You may have heard of the Government’s Three Waters proposal, or seen the adverts on TV showing slime coming out of the shower and a boat stuck in a dried-up pond. You may have also heard that councils around NZ are turning against the proposal, and that Auckland Mayor Phil Goff has criticised it.

Instead of lending to councils to upgrade their infrastructure, the Government’s proposal is for councils to hand over control of all drinking water, wastewater and stormwater infrastructure to four new unelected organisations that will be able to borrow money, but will not have elected members to represent those who will need to pay this money back through their water bills. This is very undemocratic.

Auckland is proposed to come under “Entity A” which will also be responsible for all of the infrastructure in Whangārei, Kaipara and the Far North. Aucklanders will therefore likley need to contribute to funding new infrastructure further North.

Auckland Council has identified a large list of concerns with the proposal, including many assumptions by the Government that are incorrect, including financial. For more info, see this memo sent to local boards:

Kaipātiki Local Board’s Position on Three Waters

On Wednesday, the Kaipātiki Local Board called on Auckland Council to REJECT AND OPT OUT of the Three Waters Reform proposal.
There are many problems with the Three Waters proposal, but the main ones are:

  • The removal of ratepayer-owned water and wastewater assets from council control,
  • The possible removal of stormwater infrastructure from council control (including portions of associated parks, such as streams, ponds and dryponds used as sportsfields, etc),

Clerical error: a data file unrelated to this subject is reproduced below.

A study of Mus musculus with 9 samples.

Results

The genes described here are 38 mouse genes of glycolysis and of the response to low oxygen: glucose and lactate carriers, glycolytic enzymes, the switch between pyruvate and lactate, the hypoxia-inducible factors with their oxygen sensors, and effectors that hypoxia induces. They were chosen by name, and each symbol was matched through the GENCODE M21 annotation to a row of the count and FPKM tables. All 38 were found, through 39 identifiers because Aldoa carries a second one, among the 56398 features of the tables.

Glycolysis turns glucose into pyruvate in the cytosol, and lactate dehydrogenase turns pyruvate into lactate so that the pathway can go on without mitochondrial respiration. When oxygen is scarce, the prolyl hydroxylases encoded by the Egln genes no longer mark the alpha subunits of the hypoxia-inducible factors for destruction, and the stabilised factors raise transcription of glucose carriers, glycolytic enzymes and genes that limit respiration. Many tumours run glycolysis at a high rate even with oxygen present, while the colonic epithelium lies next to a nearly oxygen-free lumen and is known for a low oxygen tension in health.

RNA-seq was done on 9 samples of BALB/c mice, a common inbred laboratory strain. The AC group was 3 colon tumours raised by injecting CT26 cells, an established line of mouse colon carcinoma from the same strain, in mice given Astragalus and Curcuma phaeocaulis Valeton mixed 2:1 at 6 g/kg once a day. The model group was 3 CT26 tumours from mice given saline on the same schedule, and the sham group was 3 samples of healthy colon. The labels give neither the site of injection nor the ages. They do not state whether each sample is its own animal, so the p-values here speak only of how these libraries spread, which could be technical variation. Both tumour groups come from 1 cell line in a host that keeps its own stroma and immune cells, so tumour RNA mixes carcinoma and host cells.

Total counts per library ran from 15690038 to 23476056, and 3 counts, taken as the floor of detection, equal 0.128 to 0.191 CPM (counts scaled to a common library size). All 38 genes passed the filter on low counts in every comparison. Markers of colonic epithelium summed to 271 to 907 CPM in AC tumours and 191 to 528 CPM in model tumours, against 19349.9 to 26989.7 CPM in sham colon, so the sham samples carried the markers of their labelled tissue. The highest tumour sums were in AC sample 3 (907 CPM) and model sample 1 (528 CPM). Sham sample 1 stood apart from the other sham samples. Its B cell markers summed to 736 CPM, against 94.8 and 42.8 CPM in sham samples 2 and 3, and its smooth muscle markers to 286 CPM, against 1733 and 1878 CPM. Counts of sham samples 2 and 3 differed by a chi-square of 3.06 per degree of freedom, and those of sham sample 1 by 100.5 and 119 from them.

• The lack of accountability to elected members that the new entity would have, and the undemocratic lack of local decision-making over public water assets,
  • The ability to give effect to Auckland Council’s long term planning and strategies when water infrastructure is not controlled by Council,
  • The focus on upgrading existing infrastructure in other parts of the Entity A region, and not ensuring a coordinated investment in growth areas of Auckland,
  • Lack of clarification on the ownership of stormwater within reserves and park land where there is the opportunity to ensure multiple community outcomes, such as bio-diversity, community volunteer involvement, aesthetic values.

Councillors will be considering their feedback to the Government on Thursday 23 September.

UPDATE 29 September: Auckland Council’s Position

Mayor Phil Goff has today written to Hon Nanaia Mahuta outlining Auckland Council’s position on 3 Waters.
View here:

It isn’t as strong as the Kaipātiki Local Board’s position to opt out of the proposal, but it does say:

“The council voted overwhelmingly in favour of the resolution that it did not support the governance and ownership model proposed, which removes democratic accountability and the loss of direct control by councils over water service entities. As well as the Council’s Governing Body, its 21 Local Boards were unanimously opposed to the governance arrangements set out in the Government’s proposal which offers no effective governance powers. The Mana Whenua Kaitiaki Forum comments that the powers of governance of the Regional Representation Group “would not provide effective oversight and accountability”. The Independent Māori Statutory Board also notes the RRG’s “restricted governance function”. Council supports a model whereby the existing accountability mechanisms used for council-controlled organisations are maintained.
The council was strongly of the view that the governance arrangements of any Water Service Entity that includes Auckland reflect the proportionate investment in the assets and liabilities made by the people of Auckland, and the proportionate size of Auckland’s population. Aucklanders should through their elected representatives, maintain majority control over their assets and service delivery.
The council also expressed significant concern about the inclusion of stormwater and has yet to be convinced of the benefits of stormwater integration and transfer into a new water service entity away from Council.”